Investor Daily, Sarah Simpkins, — 1 minute read,
A new survey from the investment management association has revealed while sustainable investing accelerated through the COVID pandemic, there are calls for improved standards around ESG products to mitigate greenwashing.
Among the findings, 85 per cent of CFA Institute members surveyed across the world have reported they take environmental, social or governance (ESG) factors into account when investing, up from 73 per cent three years prior.
Currently, only 19 per cent of institutional investors and 10 per cent of retail investors invest in products with ESG factors – but 76 per cent of institutions and 69 per cent of retail investors have said they have an interest in ESG investing. The proportion of those interested falls to around 65 per cent in Australia.
But the majority of respondents (78 per cent) believe there is a need for improved standards around ESG products to mitigate greenwashing and to boost transparency around claims of sustainability.
Seven in 10 (71 per cent) agreed that alternative data or data derived from non-traditional sources such as the internet and social media, have the potential to improve the robustness of sustainability analysis.
CFA warns shortage in specialist
The vast majority (90 per cent) of investment professionals expect their firms’ commitment to ESG research will increase, up from 72 per cent two years ago.
There is now a resulting shortage of investment professions with ESG expertise, according to the CFA report, unable to meet demand rated as “very high”. A review of more than 100,000 LinkedIn investment professional job posts found in August, that approximately 6 per cent mentioned sustainability-related skills.
CFA had also analysed 1 million investment professionals on LinkedIn, finding less than 1 per cent had disclosed sustainability-related skills in their profile, despite 26 per cent growth in sustainability expertise in the last year. Women represented 42 per cent of ESG analysts, a considerably higher proportion compared to the 26 per cent in the overall sample.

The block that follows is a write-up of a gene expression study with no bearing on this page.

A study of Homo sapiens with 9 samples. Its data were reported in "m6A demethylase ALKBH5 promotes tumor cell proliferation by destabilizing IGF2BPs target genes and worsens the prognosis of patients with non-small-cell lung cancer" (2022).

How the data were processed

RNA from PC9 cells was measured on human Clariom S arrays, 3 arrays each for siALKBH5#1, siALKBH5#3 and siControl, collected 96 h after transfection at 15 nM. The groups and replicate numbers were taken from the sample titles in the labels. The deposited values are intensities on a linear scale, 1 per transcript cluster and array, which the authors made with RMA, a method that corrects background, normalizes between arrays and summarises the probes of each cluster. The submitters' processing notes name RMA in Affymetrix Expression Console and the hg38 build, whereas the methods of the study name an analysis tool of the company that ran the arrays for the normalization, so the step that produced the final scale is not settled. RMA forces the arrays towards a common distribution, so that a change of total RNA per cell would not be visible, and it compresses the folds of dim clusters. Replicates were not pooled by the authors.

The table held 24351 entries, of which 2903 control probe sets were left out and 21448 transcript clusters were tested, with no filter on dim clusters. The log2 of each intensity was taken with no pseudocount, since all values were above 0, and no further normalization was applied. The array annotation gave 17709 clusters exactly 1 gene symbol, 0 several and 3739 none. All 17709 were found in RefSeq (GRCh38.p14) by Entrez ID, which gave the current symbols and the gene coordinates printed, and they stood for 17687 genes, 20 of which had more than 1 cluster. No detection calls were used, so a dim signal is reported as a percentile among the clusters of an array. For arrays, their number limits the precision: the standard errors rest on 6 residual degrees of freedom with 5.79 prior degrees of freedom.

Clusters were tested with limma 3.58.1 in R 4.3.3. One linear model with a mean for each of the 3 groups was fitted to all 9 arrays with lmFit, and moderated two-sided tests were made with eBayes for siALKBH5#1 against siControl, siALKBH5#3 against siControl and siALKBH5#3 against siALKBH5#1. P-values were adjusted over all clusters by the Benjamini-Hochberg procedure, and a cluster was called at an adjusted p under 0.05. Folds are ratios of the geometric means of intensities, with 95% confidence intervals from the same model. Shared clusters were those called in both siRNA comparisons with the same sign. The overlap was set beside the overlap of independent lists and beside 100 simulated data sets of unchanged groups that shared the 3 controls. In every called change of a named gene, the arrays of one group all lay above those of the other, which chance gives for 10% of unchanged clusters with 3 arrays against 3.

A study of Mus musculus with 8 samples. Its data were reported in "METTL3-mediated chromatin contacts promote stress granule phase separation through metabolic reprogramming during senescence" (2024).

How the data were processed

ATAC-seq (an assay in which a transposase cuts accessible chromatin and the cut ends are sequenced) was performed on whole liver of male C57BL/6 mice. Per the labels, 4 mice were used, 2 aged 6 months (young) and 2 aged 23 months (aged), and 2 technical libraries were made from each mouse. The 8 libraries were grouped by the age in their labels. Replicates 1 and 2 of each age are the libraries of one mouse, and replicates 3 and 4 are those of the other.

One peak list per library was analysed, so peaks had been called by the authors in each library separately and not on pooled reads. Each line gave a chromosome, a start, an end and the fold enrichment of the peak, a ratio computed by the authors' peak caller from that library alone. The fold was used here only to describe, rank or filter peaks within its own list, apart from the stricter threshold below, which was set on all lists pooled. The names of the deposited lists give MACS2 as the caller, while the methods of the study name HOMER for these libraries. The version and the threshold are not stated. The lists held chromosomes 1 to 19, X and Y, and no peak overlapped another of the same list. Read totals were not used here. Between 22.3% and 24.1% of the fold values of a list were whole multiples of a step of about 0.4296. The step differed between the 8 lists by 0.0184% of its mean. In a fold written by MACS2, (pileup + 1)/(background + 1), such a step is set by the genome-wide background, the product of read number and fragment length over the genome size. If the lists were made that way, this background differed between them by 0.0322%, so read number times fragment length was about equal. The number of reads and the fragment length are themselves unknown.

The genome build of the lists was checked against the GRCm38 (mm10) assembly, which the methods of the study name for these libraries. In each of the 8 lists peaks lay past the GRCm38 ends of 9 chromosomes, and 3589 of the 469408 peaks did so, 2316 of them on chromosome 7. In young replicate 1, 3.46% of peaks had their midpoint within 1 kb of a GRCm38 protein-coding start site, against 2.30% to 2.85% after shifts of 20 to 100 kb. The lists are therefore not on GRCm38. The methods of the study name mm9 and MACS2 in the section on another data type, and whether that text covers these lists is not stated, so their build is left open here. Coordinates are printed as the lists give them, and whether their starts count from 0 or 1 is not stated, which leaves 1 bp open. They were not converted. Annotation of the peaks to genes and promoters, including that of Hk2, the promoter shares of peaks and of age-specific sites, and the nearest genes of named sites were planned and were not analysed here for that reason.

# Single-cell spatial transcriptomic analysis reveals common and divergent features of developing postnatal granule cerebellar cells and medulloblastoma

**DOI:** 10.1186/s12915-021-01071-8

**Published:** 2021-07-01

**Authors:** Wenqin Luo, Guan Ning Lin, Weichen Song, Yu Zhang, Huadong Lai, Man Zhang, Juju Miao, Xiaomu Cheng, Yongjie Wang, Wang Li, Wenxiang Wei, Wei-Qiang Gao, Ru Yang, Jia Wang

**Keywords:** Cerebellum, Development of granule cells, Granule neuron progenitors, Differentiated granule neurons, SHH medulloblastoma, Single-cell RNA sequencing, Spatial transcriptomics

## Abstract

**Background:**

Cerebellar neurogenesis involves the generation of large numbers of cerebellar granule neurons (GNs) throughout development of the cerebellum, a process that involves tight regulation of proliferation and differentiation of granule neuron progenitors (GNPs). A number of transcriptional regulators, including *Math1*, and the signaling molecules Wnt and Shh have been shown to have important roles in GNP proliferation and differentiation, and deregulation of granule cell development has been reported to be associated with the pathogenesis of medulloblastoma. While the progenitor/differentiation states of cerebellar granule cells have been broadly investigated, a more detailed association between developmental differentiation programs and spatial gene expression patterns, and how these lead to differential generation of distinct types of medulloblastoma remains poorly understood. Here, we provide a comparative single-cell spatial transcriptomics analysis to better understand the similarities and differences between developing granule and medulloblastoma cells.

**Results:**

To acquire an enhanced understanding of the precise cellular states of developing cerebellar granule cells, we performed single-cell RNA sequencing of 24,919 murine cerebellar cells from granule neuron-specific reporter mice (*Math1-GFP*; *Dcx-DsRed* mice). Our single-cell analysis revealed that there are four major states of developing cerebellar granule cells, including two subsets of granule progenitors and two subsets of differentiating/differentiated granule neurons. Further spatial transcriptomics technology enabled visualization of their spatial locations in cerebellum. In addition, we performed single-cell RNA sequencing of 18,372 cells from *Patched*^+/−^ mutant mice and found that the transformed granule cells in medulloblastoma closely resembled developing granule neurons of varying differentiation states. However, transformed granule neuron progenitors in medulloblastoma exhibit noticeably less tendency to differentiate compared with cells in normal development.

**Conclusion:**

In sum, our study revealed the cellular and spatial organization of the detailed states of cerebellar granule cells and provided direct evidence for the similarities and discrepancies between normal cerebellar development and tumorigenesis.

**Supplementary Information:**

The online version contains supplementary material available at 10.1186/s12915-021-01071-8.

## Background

The industry survey also forecast that professionals are expecting to see more ESG index tracking and quant funds, ESG thematic products, ESG multi-asset products, climate transition strategies, long-term engagement and stronger benchmarks.
The reasons for incorporating ESG in investment decisions however were varied. Client and investor demand was cited as one of the biggest factors for asset managers (59 per cent), as well as the need to manage investment risks (64 per cent).
Only 35 per cent said they considered ESG to improve returns, despite the outperformance of ESG indexes through the COVID crisis.
Lisa Carroll, chief executive of CFA Societies Australia commented the COVID crisis had accelerated the movement towards sustainable investing.
“With the COVID-19 pandemic, the health and safety of various communities has become a larger consideration,” Ms Carroll said.
“In addition, unrest over racial inequality in the US increased focus on social responsibility.”
The most used features were voted to be best-in-class/positive screening (used by 56 per cent of respondents) and ESG integration (53 per cent), followed by ESG-related exclusions (48 per cent). Voting, engagement and stewardship are used by 40 per cent, while thematic is used by 35 per cent.
Company ratings were found to be widely used, with 63 per cent of investment professionals using them as part of their data analysis. Almost three-quarters (73 per cent) expect the influence of ESG ratings on firms’ cost of capital to be greater in the next five years.
Two-fifths of investment professionals (40 per cent) have incorporated climate risk into their analysis, with the most common types of risk considered being physical and transition risks.